Hello again, Karen. You have a very good point with respect to the money not having to be considered a scholarship, but unfortunately, you end up at the same point either way with respect to taxes. If you bring a professional in for a conference and pay his or her travel expenses, then you are still providing taxable compensation to that person, regardless of what you call the money. Travel expenses paid to a non-student are considered to be taxable income. If the recipient of the money is self-employed, then the travel reimbursement would be reported as gross income and the actual expenses paid would be considered business expenses
. If the scholarship or travel expense money is given to the student, then the actual travel expenses could be deducted on Schedule A employee expenses if a student were in a financial position to itemize deductions
. As an employee, you are paid wages and if your company pays for travel that isn't considered a separate benefit because you are being paid by your employer. If your employer doesn't pay for your travel expenses or your wages while you are at a conference, then you can deduct those expenses as unreimbursed employee expenses on Schedule A.
There really isn't a difference in the handling of a student and a non-student. When it comes to taxable scholarship money, that money is treated just like wages and other compensation being paid to a worker. The student has an advantage in that much of the scholarship income (those parts being used for qualified education expenses) are tax-free and many education expenses that are non-qualified education expenses for the purposes of determining the taxability of scholarship money may still be considered allowed education expenses for the purposes of education tax credits. The specific determination of which expenses are allowed for education tax credits depends on the specific expense, the type of program the student is enrolled in, the number of years the student has attended college, and what education tax credits they have used in previous years and so I can't give any general rules
as to whether these travel expenses will be allowed for the purposes of qualifying for tax credits. Some students will be able to use them for tax credits and some won't.
A very unusual but maybe possible way that your foundation could transfer money tax-free to the students (at least, the student wouldn't pay any taxes) would be if you could arrange for the money to be a gift to the student and the IRS may well have already closed that loophole, since a gift given to a student for educational purposes is the definition of a grant. Grants are covered by the same tax rules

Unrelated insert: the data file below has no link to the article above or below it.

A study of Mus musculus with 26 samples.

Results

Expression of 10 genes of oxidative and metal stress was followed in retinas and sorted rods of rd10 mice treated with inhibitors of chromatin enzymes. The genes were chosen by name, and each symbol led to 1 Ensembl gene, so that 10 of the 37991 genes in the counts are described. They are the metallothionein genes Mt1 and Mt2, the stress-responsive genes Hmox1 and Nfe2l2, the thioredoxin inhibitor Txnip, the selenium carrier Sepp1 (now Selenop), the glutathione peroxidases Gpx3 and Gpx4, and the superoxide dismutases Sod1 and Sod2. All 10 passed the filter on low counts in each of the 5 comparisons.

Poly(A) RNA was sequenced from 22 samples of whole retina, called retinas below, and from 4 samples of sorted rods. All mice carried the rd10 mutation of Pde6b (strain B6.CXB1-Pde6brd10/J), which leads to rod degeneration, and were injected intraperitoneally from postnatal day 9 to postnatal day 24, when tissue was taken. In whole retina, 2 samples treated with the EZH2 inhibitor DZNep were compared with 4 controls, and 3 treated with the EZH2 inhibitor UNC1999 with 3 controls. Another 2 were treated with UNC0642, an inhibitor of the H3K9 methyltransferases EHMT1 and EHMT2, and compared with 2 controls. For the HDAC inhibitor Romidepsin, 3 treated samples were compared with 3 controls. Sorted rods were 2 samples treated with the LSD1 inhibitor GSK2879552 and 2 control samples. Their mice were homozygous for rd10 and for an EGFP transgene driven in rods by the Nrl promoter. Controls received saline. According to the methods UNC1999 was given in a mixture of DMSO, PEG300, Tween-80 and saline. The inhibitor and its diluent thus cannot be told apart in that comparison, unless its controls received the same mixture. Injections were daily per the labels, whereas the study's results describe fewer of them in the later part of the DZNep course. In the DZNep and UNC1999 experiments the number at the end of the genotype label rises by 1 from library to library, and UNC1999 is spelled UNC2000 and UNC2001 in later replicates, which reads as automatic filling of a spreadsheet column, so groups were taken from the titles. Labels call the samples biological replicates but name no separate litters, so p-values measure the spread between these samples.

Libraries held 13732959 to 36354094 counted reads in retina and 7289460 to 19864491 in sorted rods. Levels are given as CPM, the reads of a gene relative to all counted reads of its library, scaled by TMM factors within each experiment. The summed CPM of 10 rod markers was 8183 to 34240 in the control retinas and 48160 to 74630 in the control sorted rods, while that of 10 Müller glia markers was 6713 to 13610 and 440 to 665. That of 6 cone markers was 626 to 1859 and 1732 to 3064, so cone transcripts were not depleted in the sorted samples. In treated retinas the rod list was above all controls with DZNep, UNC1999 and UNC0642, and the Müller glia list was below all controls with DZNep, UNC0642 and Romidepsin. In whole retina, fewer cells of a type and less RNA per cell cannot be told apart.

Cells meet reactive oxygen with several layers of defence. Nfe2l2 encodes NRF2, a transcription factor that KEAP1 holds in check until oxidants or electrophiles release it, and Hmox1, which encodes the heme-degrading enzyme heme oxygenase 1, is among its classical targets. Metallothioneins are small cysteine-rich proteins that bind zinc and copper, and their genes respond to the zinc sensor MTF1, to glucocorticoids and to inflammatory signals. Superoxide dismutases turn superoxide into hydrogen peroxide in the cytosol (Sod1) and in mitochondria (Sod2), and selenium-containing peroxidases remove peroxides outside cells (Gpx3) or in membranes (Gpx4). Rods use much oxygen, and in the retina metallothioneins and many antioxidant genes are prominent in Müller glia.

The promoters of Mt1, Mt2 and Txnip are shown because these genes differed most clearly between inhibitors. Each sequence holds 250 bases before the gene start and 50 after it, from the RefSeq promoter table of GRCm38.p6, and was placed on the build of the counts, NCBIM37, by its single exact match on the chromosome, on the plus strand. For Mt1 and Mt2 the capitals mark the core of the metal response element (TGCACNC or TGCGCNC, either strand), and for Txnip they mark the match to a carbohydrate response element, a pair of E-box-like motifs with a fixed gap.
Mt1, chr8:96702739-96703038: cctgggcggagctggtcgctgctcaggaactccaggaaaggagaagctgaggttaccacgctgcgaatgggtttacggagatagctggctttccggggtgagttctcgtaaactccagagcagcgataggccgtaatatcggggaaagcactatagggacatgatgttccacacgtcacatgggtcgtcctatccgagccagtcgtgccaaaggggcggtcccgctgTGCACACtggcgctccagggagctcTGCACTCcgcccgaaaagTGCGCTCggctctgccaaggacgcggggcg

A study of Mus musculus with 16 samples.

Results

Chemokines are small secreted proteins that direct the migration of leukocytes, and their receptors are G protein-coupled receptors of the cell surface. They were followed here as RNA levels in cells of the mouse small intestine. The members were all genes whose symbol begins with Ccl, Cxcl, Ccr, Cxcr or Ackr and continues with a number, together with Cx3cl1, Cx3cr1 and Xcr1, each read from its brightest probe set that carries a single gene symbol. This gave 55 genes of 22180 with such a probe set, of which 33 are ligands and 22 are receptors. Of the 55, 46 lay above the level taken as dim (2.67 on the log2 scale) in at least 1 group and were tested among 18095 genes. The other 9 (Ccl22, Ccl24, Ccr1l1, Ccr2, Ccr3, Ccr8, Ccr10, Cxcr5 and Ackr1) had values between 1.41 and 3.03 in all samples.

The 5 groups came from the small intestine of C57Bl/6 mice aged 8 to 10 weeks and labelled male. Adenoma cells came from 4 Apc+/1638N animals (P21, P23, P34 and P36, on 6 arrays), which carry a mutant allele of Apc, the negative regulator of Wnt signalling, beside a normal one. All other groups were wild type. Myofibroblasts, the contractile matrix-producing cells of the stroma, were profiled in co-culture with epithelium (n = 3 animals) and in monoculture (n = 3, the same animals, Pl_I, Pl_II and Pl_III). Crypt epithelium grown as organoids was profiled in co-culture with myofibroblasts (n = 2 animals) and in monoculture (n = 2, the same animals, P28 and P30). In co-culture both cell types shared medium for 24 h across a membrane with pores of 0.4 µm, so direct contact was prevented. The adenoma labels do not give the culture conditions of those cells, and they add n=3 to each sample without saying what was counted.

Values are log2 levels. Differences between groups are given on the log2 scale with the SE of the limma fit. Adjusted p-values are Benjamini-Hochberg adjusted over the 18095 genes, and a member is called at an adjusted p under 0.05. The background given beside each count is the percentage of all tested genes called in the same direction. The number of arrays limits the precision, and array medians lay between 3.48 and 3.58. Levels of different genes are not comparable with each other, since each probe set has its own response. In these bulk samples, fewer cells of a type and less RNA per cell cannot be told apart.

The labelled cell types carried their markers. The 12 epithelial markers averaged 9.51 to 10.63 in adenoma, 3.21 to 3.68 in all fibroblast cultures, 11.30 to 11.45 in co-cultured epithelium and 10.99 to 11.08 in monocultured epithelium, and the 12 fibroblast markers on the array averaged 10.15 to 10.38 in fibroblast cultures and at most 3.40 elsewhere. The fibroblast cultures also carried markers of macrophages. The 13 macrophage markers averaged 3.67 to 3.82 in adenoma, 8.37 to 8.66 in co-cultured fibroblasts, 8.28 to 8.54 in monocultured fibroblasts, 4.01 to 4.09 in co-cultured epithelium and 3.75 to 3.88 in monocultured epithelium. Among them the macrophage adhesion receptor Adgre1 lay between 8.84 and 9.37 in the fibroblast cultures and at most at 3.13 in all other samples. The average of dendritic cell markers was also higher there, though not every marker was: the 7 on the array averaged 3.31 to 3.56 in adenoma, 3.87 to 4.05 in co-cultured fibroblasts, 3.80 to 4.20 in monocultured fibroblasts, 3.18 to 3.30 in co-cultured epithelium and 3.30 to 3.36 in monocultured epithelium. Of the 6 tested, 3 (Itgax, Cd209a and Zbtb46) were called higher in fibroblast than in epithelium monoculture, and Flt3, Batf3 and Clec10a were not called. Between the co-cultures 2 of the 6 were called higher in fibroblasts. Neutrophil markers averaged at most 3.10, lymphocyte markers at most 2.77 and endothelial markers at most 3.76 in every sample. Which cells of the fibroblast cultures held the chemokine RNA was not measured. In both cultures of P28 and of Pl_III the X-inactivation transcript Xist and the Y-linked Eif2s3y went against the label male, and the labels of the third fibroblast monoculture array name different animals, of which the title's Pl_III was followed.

as scholarships and fellowships. The IRS may consider any gift of money given to a student by an organization to be a grant covered by the same tax rules as a scholarship or a fellowship, rather than a gift covered by the normal gift tax
rules. A gift is not taxable to the recipient, but it can be taxable to the giver. An individual can give up to $13,000 (in 2009) to a recipient in a year without the gift being taxable to the giver. A gift is defined as something given for no value in return or for less than full consideration (an equivalent amount of goods or service) in return. The IRS could consider that the presence of the student at the conference and the contributions of the student would be equivalent value to the travel expenses. There is also an education exclusion for taxability of a gift if the gifter pays tuition for the giftee. However, your organization is not paying tuition, so the educational exclusion wouldn't apply. Usually, the gift rules are used for giving money to relatives or heirs. Gifts and gift taxes are covered in Publication 950, Introduction to Estate and Gift Taxes
. I've never heard of gifting being used in a situation such as we are discussing, so I don't know whether it is even a reasonable possibility.
You can follow up these issues with the IRS by either hiring a local CPA or tax lawyer to deal with the IRS on your behalf if you don't want to take the time personally (if your outreach program hires the CPA or tax lawyer, it would be a deductible expense), you can talk to an IRS agent personally by calling 1-800-829-1040, or you can find your local Taxpayer Assistance Center (local IRS office) by looking in the phone book under the US Government pages, Internal Revenue Service
and make an appointment to talk to an IRS agent in person.
I hope this answers your questions. Please let me know if you need more information.